Would Ray Charles and Stevie Wonder be as talented if they were not blind? There is a popular belief that blind people compensate with heightened sensitivity of other senses. Dr. Lofti Merabet studies sensory compensation and neuroplasticity in blind people and recently gave a talk on The Adaptive Brain of the Blind.
Merabet defines neuroplasticity as the ability of the brain to change its structural and functional organization in response to development, experience, the environment, or damage. Generally, there is greater adaption ability in response to changes that occur slowly and at young ages compared to sudden changes that occur later in life, and this has to do with brain development. Physiological evidence of an early critical period of visual development came from experiments in the 1960s and 1970s showing that the anatomy and functioning of the visual cortex is intrinsically linked to visual experiences in early life.
To demonstrate the phenomenal powers of neuroplasticity, Merabet tells of a man who had seemingly developed normally. As an adult, the man complained of persistent headaches, and an MRI showed that he had only a small portion of brain tissue. The man’s brain had gradually adapted to a point that the man seemed normal. On the other hand, neuroplasticity is not always positive. For example, in phantom limb pain, a person experiences pain in an amputated limb.
Neuroplasticity in blindness
What about sensory compensation? There is longstanding behavioral evidence that blind people’s other senses are keener than those of a sighted person, but the neuroscientific evidence for this has only started to emerge recently.
The visual cortex comprises 30-40% of the cortical surface, and Merabet studies what happens to it in people with ocular blindness. Functional neuroimaging shows an active visual cortex in a blind person reading Braille, thus demonstrating a non-visual function for the visual cortex. Other non-visual tasks, such as olfaction and localizing sound, also recruit the visual cortex. Conversely, when the visual cortex is damaged, such as in a stroke, a blind person may lose his ability to read Braille, even though the parts of the brain responsible for touch and language remain intact. This evidence supports the idea that the visual cortex is the seat of compensatory behaviors in people with ocular blindness.
Merabet puts compensatory abilities to the test in real life situations. He designed a computer game in which a building was mapped with audio cues (a knocking signified the presence of a door, e.g.). Blind children could play the game in one of two ways: exploratory, where they were free to explore the building on their own and which resulted in implicit learning of the building layout, or directed navigation, where they were shown around the building by a leader and which resulted in explicit learning. After learning the building’s layout through the game, the children went to the actual building where they performed navigational tasks. Merabet found that the implicit learners performed better overall, and he points out that this has important implications for rehabilitation treatment.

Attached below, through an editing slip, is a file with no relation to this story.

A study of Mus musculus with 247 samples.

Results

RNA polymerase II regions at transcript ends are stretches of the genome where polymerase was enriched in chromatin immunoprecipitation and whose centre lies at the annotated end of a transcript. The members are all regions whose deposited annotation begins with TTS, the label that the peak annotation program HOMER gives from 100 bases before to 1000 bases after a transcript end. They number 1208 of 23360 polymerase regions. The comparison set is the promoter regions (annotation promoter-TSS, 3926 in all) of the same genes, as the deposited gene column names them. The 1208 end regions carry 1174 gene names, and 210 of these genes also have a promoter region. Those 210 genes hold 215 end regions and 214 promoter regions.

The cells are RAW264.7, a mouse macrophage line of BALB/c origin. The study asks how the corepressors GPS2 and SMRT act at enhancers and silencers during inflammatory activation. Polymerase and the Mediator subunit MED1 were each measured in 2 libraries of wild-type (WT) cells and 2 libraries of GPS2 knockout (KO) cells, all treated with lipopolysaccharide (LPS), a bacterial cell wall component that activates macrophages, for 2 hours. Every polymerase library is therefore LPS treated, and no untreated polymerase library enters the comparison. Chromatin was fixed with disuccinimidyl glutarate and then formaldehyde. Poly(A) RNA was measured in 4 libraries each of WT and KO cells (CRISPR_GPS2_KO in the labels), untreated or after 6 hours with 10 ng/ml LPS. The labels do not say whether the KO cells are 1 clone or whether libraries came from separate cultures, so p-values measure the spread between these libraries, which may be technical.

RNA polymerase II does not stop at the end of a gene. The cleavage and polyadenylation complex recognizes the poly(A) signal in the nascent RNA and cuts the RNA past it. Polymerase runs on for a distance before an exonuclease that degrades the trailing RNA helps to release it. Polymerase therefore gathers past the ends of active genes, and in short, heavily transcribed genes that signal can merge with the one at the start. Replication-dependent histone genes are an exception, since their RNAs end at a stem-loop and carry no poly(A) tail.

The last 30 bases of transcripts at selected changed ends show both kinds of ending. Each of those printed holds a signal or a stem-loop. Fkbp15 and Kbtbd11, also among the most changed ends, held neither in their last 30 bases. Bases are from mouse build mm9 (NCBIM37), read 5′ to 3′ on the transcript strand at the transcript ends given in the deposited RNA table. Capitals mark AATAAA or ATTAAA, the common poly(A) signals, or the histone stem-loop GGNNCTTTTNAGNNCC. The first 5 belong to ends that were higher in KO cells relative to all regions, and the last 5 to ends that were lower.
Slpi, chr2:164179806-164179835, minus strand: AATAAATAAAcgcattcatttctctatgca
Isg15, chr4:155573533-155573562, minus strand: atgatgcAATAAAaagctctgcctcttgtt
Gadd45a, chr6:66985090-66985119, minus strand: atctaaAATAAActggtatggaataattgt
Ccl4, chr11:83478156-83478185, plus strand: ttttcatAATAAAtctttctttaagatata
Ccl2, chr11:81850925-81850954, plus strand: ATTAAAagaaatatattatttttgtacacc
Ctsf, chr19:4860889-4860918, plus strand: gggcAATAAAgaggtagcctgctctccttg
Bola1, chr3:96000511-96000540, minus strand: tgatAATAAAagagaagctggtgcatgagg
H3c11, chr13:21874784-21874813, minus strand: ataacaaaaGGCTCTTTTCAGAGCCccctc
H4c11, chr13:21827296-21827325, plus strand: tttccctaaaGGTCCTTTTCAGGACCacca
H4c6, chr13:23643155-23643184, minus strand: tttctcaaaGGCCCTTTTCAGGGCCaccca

Cortical visual impairment
In cases of cortical visual impairment (CVI), the eyes are fully functional, but the visual cortex is destroyed. Ocular exams typically look normal in CVI patients even though there is significant visual impairment, such as problems with motion processing and even complete blindness.
Merabet points to the difficulty in relating brain structure, clinical presentation, and brain function in CVI patients. Although many CVI patients have enlarged ventricles easily visible on MRI, the size of the enlargement is not related to the extent of clinical dysfunction. Therefore, Merabet developed an imaging technique to better relate clinical presentation and brain structure.
CVI is a disorder of brain connectivity, not structure, so Merabet uses diffusion based imaging to map axonal connections in the visual cortex. A sighted person has three main connections from the visual cortex to other parts of the brain. Each connection is responsible for a different function: spatial processing, object processing, and attention processing. In CVI patients, the object processing pathway is intact, but the other two are missing. Interestingly, in ocular blindness, all three pathways remain intact, and show hyperconnectivity, perhaps accounting for compensatory behaviors.
Merabet emphasizes that optimal rehabilitation strategies for those with ocular blindness and with CVI will differ, but that CVI is not yet understood well enough to have specific treatments. Merabet is working toward creating CVI-specific treatments. He recently designed a simple tablet-based task to test CVI patients’ ability to detect motion. He is beginning to relate these results to imaging results with the ultimate goal of building a more complete diagnostic picture of CVI. In the future, he hopes to use this data to develop more effective rehabilitation strategies that take the differences between CVI and ocular blindness into account.
Merabet closes by saying that although he is excited about the data he is gathering, he is only beginning to understand how the information will be used in the clinical setting.